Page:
Student Loans Were No Match For My Low Income

student loans

When I graduated college I had a little over $27,000 in student loan debt. I went to a relatively moderately-priced school in the state that I live in. I realize some people may see my loan amount as peanuts compared to what they might owe. That doesn’t matter. When I started to pay my debt off, my income was less than what I owed. It’s possible to pay off your student loans if you’re dedicated and smart with your money.

Attacking my loans

Deciding to take my debt seriously was part of my money management transformation that I wrote about here

I decided to take the debt snowball approach to paying off my student loans. This approach is where you pay off your loans from the smallest to largest amount (interest aside). This is more of a mental approach. By that I mean because you’re paying off the smallest amount first, it’s going to be the “easiest” to kill. You’ll notice these balances nearing closer to zero sooner than the larger amounts. You treat these realizations as rewards for yourself. You can see your efforts working which will motivate you to keep going. 


Budgeting my money was critical during my debt-payment journey (still is post-debt). Once I learned how to budget and implemented that into my financial plan, money management made so much more sense and everything started to click. 

I used the zero-based budget to budget my money. With zero-based budgeting, you allocate all of your income to spending categories before you actually spend the money. After you do this, on paper, you’ll be left with zero dollars (to allocate). Now you know how much you can spend on certain categories and will never spend more than you have.

I set myself up for a life of frugality, no doubt. But my student loans were on my budget sheet which meant I was going to start attacking them. I felt cheap but I felt good. 

Even with my relatively low income, I was paying about $371.00 a month towards my student loans. I only gave myself $50/month for groceries, $50/month for entertainment, and $50/month for going out to eat. I also had a “try not to spend” category that was kind of a last resort pool of left over money. Technically, I could spend this money but tried my hardest not to. Anything that was left over in this category (or any) went towards the debt.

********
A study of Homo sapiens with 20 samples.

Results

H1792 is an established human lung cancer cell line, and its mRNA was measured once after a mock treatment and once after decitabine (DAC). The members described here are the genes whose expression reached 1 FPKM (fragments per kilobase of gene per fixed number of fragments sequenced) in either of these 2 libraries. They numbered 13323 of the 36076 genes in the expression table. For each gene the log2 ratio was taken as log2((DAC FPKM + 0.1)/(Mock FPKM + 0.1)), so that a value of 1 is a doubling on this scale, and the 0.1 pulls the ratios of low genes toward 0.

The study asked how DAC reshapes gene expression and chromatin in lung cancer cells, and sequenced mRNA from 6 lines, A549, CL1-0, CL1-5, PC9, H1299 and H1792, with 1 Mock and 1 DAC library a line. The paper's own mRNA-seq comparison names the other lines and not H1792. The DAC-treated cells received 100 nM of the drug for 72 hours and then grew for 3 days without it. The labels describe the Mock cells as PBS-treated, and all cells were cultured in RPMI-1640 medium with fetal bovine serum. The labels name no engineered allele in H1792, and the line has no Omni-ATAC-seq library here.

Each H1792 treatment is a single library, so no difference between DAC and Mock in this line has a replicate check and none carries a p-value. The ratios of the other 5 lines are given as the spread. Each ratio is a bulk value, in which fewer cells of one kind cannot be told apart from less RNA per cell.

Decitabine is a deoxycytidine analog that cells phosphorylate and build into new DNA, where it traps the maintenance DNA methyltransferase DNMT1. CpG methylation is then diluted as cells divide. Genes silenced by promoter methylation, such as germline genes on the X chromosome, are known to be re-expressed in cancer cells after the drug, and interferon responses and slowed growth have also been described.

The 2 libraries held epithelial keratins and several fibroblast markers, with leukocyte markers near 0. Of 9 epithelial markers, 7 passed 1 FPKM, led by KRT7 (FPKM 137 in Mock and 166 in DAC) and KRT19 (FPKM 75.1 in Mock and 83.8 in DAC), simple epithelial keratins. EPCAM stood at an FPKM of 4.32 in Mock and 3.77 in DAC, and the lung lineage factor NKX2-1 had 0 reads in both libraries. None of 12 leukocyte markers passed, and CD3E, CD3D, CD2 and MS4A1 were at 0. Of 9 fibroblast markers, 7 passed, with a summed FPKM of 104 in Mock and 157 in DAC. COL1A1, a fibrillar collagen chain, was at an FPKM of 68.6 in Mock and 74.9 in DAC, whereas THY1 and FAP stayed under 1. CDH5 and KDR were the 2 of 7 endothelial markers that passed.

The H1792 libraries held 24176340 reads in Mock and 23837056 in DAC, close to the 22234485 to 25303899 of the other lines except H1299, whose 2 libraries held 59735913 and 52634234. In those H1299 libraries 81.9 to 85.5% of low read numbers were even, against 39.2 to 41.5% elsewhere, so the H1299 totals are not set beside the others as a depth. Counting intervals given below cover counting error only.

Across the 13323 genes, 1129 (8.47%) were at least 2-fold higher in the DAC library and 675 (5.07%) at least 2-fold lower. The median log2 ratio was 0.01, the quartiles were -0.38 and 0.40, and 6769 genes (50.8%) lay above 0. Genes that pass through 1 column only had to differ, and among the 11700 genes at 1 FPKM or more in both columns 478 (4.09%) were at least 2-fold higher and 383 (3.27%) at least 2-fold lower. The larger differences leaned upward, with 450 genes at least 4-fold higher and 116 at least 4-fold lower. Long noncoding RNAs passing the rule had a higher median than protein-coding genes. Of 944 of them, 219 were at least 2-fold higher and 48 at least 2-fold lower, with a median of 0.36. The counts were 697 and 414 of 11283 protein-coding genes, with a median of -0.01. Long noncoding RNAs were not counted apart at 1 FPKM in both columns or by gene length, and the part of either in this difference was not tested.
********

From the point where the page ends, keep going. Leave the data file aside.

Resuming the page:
Living conditions

Part of the reason I had such a low income was because I tried hard to set myself up to be flexible. I’m in a traveling band and I wanted to have the ability to leave whenever I wanted. So, while my job didn’t pay that much, I was still able to do the things I wanted to when I wanted to. 

This kind of ties into my living conditions which helped tremendously with my finances. I live in Akron, OH in a fairly cheap part part of town. At the time I was living with three roommates and we split utilities. My band was doing well enough to pay for my rent. So I was basically living “rent-free”. My would-be rent money went towards my debt. This was a tremendous help as far as keeping my expenses low goes. 

Side hustles

I love side hustles. If you’re interested in extra income, it’s possible to make it with side hustles. And it might even turn into your main gig. In any case, look for side hustles

Even with the band and my job, I was always on the prowl for side hustles. Some of the jobs I worked included: photography at a comedy club, commercial real estate photography, freelance web development, freelance graphic design, yard work, solo performances, and more. 

In 2020 I earned $15,309.40 just by doing side hustles. The majority of this went to paying off my debt. 

I paid more than the minimum payment

If you don’t get ahead of the interest on your student loans, you’re only going to be paying more money in the long run. If you can, I suggest paying more than the minimum on your student loans. The more you pay towards your principal amount, the less interest you’ll owe and the less money you’ll spend in the long run. 

I understand that’s easier said than done. But I think it’s worth it if you can afford it in the short term. Here’s a student loan calculator that can help you decide a payment amount that works for you.

I didn’t rely on student loan forgiveness/relief

Don’t get me wrong. If you get lucky and the government wipes your student loans out, then hell yeah. That’s awesome. But if they don’t wipe it out, your interest is piling up like garbage in a landfill (I thought that was an appropriate comparison).

For me, I wasn’t going to wait on a maybe. I was pedal to the metal about taking control of my finances. While student loan forgiveness/relief might happen it also might not happen. 

But since I hit my loans head-on by myself, I, without a doubt, do not have student load debt. 


Since paying off my loans, I’ve increased my income quite a bit and it feels good to do what I please with that extra money. I don’t owe it to anyone.

I get it. It’s hard. I’ve been there. But once your loans are paid off, you can do so much more with your money that’s going to benefit you in the long run. In most cases, you can cut more expenses out of your life than you think you can. It’s possible.